So . . . walk down Cellini till a red sign,
then turn down Marcona till I see the 1861 building . . .
and—there’s Fiamma! I mastered directions to and from my school!

My siblings think it’s bizarre, my mother says it’s pathetic, my friends suppose it’s comical, and frankly—so do I.

It’s just that special quality some people possess, the one that those who don’t have will never understand, and the one I have learned to be proud of. No sense of direction.

I wonder what it would be like to be able to find my way around on my ownSometimes I wonder what it would be like to be able to find my way around on my own. How convenient it must be, to go just about anywhere, stroll around Milan, and find my way back. Take walks, experiment with different routes . . . explore! What a secure feeling to know where you are, where you have to go, and how to get there. It’s not fun to depend on others for directions, to hope they know where they are going, just follow them, and then when we get lost I can be of no help because, well, I didn’t know where we were in the first place.

But then sometimes I wonder about a different sense of direction. A sense of direction for the real roads of life. It’s such a secure feeling to know exactly where you are, where you have to go, and how to get there. It’s not fun to depend on others for directions, to hope they know where they are going, just follow them, and then when they get lost you can’t even help yourself because, well, you didn’t know where you were in the first place.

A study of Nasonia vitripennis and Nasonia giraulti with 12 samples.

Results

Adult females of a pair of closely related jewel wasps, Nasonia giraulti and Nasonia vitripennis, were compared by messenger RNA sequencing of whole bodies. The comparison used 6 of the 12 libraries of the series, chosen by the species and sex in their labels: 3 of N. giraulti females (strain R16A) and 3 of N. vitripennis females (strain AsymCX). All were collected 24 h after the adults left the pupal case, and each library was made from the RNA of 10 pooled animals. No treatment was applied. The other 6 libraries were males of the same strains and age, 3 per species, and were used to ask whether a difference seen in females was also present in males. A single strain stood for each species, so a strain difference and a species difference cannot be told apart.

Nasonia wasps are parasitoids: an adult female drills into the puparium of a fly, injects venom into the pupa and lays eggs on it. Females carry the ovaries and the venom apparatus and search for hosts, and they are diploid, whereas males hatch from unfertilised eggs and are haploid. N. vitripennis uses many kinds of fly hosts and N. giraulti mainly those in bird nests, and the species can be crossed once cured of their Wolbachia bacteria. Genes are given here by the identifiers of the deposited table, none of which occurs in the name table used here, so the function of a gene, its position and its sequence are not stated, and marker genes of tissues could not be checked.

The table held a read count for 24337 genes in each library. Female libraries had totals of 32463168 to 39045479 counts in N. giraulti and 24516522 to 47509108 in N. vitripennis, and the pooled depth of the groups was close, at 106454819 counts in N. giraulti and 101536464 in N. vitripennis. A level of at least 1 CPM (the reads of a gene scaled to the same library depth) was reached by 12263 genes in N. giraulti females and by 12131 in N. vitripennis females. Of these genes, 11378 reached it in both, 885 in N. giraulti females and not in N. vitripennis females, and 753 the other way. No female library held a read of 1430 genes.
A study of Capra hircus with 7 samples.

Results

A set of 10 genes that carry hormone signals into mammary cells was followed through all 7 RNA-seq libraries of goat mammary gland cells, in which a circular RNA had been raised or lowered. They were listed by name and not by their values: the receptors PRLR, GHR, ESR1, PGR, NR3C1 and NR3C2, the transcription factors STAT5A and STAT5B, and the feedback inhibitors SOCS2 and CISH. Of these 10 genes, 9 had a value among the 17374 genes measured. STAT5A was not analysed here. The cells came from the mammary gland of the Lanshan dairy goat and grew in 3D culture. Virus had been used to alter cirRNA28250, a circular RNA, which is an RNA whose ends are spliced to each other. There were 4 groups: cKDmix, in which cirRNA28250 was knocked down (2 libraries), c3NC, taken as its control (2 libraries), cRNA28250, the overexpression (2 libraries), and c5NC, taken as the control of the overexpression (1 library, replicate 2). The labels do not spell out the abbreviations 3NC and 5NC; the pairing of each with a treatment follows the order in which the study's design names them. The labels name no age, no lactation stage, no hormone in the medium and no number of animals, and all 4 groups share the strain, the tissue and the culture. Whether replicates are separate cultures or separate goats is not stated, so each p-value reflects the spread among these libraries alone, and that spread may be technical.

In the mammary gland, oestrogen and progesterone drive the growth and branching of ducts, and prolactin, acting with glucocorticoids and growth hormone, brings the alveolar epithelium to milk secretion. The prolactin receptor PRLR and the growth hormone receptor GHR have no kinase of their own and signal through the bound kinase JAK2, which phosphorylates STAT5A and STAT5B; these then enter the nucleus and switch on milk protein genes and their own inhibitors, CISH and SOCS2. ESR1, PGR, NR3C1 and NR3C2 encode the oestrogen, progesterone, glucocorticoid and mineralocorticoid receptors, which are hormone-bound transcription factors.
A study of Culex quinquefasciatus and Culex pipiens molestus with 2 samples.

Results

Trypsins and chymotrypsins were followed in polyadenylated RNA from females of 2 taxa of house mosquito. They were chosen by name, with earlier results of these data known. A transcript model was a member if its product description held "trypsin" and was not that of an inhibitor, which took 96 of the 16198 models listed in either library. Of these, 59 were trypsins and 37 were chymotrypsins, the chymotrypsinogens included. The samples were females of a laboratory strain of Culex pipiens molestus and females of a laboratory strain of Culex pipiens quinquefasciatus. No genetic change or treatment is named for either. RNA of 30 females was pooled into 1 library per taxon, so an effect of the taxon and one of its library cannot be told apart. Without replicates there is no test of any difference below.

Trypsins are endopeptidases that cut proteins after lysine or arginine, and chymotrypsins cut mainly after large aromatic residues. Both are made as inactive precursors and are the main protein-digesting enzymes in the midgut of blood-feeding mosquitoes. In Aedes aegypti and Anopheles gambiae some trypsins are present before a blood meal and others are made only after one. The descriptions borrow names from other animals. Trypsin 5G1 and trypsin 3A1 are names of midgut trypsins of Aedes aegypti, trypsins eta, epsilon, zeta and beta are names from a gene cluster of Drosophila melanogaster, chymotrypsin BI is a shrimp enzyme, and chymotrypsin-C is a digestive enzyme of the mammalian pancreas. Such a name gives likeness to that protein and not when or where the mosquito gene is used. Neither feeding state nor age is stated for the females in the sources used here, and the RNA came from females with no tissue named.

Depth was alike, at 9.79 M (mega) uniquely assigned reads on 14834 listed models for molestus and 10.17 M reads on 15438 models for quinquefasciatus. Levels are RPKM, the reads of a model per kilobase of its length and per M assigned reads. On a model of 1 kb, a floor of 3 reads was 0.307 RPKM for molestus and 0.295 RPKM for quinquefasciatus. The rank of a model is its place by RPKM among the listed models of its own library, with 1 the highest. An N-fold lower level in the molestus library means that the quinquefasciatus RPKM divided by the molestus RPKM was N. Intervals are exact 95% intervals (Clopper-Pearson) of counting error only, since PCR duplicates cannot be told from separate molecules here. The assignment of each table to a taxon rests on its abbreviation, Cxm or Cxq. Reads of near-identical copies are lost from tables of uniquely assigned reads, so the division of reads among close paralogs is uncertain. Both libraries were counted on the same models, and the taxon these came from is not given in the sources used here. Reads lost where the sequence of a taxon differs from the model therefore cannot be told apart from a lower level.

I like to practice my directions by checking out the street signs. And while I do, I become more familiar with the roads around me. I look for my own street signs: Why do I feel so good today? Why do I get so bothered every time she asks a favor of me? When do I feel most comfortable and content with myself? What about that argument just made me lose it? Am I really enjoying this?

I’m learning to not overlook or undermine these signs. These signs are important. Sometimes they are easier to not notice, or to forget that they exist. But the street signs are there to help us stay on track. I get to know my yellow lights, my reds and greens, staying in touch with myself and learning my own roads, my unique twists and turns.

I’m learning not to overlook or undermine these signsI used to walk my same four streets, the only ones I felt comfortable on which to tread. But now there’s so much more to discover, so much more to enjoy! I dare to take little walks and venture out of my comfort zone. I find a new place inside myself. On my way I learn more: there are always new signs, new experiences, and different streets to take notice of. Sometimes I get lost on an unfamiliar road—I get stressed, I’m not in the mood for anyone, or I just don’t have patience. At times like these I try think back to my familiar streets, the ones I cross every day. It helps me find my way back when I know where I started out, and I remember the signs along the way.

It’s great to have a sense of direction.